If you have the Loom Desktop for Mac installed (this does not apply to Windows), please check that you have at least version 0.17.3 installed. You can either download the app directly, or you can check if you have the latest version of our app by clicking on the 3-dot menu in the upper-right corner of our app and then selecting Check for Updates.
On July 9th, 2019 our team was made aware of three separate security vulnerabilities in our desktop application. We have since fixed all three. Here is the log of action:
July 9th, 2019 – Received inbound email detailing security issues from Thomas Karpiniec
July 12th, 2019 – Sent messages to Thomas confirming the issue and that a fix was in progress
July 26th, 2019 – Loom shipped update 0.17.2. This version fixed the remote code execution vulnerability and improved resilience to malformed input.
July 30th, 2019 – Loom shipped update 0.17.3. This fixed Loom’s internal web server binding on port 0.0.0.0.
Now that you’ve updated your Loom desktop app, we’d like to take a bit of time to explain what happened.
On July 8th, 2019, it was discovered that Zoom had a zero day vulnerability that allowed users to leverage a web server they hosted locally on each user’s machine. If an attacker knew how to connect to this web server, they could use this web server to activate the user’s camera and execute code. The latter attack is called a Remote Code Execution vulnerability, or RCE, for short. You can read more about this vulnerability and its story here.
During this same time, many security researchers started to find other apps using this same pattern of hosting a web server on a user’s machine. For most apps, it appears the use case is for the user’s web browser to talk to the application. I personally worked on a project that explored this possibility and decided against it.
That being said, we still leverage a web server. We simply didn’t implement it with the intention of other applications being able to talk to it other than our own. In fact, we implemented measures to make sure the web server couldn’t be communicated with unless it was from a trusted application by:
Randomizing the port we open the web server on
Ensuring a secret is generated from within our application that is only given to another application spun up from within our app code.
Despite these measures, Thomas reported 3 security flaws:
Our connection secret logic had a flaw in it, and he was able to connect to the web server regardless of sending any secret.
Once connected, although he wasn’t able to leverage an RCE vulnerability in the way we parsed messages. This vulnerability is only able to be leveraged/initialized during a recording.
We were binding to host 0.0.0.0 instead of 127.0.0.1, which meant anyone on a local intranet would be able to leverage this kind of attack against a user with our application installed on the same intranet.
We have since fixed all issues.
You might be wondering why Loom uses a web server at all if it’s not meant to be connected to from outside our application. The reason is because our recording layer is separate from our UI layer. Our recording layer is written in native code and needs to communicate with our UI layer, which is written in different code via Electron. The recording layer was written in native code in order to leverage better APIs for better performance, and the UI layer was written in Electron in order to leverage Electron’s cross-platform capabilities and decrease iteration cycles for our engineers. There is no industry-standard way for these 2 layers to talk to each other, so we leverage a web server for this.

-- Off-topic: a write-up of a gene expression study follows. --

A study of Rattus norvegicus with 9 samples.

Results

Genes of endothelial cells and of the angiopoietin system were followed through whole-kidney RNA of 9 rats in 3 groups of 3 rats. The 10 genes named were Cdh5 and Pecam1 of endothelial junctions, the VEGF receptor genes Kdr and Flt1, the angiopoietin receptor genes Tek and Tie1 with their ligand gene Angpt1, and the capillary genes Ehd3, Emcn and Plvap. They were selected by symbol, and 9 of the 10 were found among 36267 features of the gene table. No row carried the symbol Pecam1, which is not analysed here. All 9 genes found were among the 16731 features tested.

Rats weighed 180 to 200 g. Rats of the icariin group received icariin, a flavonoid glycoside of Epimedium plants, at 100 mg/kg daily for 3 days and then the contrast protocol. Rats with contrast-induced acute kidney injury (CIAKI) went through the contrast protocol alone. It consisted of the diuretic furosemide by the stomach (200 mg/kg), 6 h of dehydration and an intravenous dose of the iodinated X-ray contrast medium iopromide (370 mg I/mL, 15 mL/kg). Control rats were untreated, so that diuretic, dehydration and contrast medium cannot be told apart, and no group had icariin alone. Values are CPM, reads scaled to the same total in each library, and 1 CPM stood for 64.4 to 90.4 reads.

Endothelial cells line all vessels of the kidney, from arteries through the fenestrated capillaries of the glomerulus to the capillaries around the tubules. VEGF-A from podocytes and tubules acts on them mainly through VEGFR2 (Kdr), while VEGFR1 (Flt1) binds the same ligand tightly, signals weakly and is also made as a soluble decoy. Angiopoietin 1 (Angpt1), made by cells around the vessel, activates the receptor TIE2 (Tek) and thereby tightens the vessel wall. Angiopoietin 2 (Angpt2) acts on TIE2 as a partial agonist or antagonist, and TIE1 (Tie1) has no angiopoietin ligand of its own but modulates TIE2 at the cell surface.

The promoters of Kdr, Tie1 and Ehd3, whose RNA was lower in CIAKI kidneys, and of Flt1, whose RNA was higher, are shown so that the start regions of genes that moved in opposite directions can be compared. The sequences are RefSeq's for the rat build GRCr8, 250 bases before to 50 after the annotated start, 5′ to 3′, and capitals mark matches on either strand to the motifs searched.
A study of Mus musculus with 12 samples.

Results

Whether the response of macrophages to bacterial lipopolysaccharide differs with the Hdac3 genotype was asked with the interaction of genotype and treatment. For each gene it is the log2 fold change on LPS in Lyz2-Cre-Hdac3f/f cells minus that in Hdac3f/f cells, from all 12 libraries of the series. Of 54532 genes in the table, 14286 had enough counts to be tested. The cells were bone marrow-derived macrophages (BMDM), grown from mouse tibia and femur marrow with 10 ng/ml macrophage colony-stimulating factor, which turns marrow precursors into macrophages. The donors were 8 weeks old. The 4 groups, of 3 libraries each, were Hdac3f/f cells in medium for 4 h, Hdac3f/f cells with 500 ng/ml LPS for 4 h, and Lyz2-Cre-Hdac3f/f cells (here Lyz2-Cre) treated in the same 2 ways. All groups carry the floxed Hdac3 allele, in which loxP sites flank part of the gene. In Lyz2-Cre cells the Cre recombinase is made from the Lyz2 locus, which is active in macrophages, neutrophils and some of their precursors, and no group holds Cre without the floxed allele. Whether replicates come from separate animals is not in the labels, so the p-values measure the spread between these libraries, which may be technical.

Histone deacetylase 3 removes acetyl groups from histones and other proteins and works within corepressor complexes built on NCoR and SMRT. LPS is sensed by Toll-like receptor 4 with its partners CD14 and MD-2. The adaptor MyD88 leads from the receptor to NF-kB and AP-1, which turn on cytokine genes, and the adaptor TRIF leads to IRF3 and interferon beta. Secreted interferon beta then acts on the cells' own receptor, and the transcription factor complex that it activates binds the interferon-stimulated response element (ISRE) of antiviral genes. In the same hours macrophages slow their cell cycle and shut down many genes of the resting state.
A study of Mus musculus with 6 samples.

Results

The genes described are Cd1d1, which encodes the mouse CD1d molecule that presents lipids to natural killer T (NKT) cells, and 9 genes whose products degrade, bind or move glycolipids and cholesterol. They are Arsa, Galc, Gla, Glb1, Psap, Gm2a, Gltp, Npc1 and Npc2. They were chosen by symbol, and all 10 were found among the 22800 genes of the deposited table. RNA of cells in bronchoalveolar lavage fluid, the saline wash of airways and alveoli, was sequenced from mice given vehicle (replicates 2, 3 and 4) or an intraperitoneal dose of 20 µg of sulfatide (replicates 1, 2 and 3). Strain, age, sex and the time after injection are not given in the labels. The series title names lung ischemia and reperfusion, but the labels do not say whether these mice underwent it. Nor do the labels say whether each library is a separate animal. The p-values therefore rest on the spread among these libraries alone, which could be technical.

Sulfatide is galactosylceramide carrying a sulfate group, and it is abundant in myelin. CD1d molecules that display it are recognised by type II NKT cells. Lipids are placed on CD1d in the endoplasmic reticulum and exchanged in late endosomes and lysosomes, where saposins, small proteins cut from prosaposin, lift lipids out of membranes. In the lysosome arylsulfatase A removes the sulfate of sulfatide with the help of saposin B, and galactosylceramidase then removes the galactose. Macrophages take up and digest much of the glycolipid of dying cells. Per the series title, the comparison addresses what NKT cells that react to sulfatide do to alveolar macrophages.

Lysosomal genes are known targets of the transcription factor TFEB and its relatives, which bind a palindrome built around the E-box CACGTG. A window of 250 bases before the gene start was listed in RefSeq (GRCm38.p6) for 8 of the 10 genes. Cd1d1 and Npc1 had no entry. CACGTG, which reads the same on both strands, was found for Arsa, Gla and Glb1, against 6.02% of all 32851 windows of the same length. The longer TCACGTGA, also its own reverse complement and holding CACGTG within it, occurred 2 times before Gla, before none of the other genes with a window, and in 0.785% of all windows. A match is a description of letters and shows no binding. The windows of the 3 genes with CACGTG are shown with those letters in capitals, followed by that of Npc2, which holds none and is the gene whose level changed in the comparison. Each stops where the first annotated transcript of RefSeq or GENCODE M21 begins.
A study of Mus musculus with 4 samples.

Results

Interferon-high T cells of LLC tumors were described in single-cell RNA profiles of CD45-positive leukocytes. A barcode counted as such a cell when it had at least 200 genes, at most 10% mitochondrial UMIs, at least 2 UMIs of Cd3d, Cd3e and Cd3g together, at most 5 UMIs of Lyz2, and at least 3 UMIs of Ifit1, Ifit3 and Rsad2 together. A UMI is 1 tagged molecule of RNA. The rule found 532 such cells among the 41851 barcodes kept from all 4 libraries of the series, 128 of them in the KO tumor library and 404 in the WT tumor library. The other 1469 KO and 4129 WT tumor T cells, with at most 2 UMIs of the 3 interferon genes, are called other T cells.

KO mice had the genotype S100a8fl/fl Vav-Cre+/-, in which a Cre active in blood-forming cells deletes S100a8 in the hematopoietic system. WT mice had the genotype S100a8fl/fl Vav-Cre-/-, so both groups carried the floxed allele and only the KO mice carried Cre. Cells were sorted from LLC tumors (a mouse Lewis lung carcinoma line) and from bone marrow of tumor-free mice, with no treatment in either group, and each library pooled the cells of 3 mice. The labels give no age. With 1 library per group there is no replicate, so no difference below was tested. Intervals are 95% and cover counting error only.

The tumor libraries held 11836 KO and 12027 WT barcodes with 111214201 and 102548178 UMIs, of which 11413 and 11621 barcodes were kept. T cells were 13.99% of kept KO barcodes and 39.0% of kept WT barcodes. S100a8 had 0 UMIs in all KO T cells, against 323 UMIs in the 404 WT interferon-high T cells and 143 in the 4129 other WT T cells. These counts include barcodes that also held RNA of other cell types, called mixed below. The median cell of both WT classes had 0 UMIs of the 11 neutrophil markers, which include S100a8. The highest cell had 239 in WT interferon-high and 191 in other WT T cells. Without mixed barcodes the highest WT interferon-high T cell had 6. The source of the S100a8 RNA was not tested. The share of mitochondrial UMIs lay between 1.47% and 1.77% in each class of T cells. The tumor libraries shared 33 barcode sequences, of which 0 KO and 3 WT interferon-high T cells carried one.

We do not take this situation lightly and have fixed all issues in a way that doesn’t simply fix these specific problems but also fixes a host of the same types of problems from coming up in the future. Our users record sensitive information into our platform, and we do not take that for granted. Loom will continue to improve its security practices, and we’re grateful for security researchers like Thomas. We have compensated him for his efforts.
Was I hacked? Can you confirm if I was?
We have done an investigation and we have not been able to find that anyone’s information or account was compromised.
How can I tell if someone accessed my camera or microphone?
No one has accessed your camera or microphone. Those code paths are protected by our app and not accessible without first getting certain credentials from our server, which is not possible via this exploit path.
What exactly does this mean? Did hackers access my computer without my knowledge?
To our knowledge, no one was compromised. All messages sent to the web server we mentioned in the blog post have been expected messages with the exception of messages Thomas sent to his own application for testing purposes.
Does this mean someone was able to access my camera or microphone?
In theory, yes, but the window of opportunity for this to happen is small and we have run a thorough investigation to ensure no data breach had occurred. To our knowledge, no one has leveraged this vulnerability.
How do I know this is been resolved and how can you assure this doesn’t happen again?
We have paid the security researcher who reported this and were able to confirm the fix with him and internally. We have written code that will prevent this vulnerability from happening again. We have also put in code that forces certain users who may be more susceptible to upgrade to the latest desktop version.
If you have any questions, please feel free to shoot me a Tweet/DM @vhmth or email us at firstname.lastname@example.org.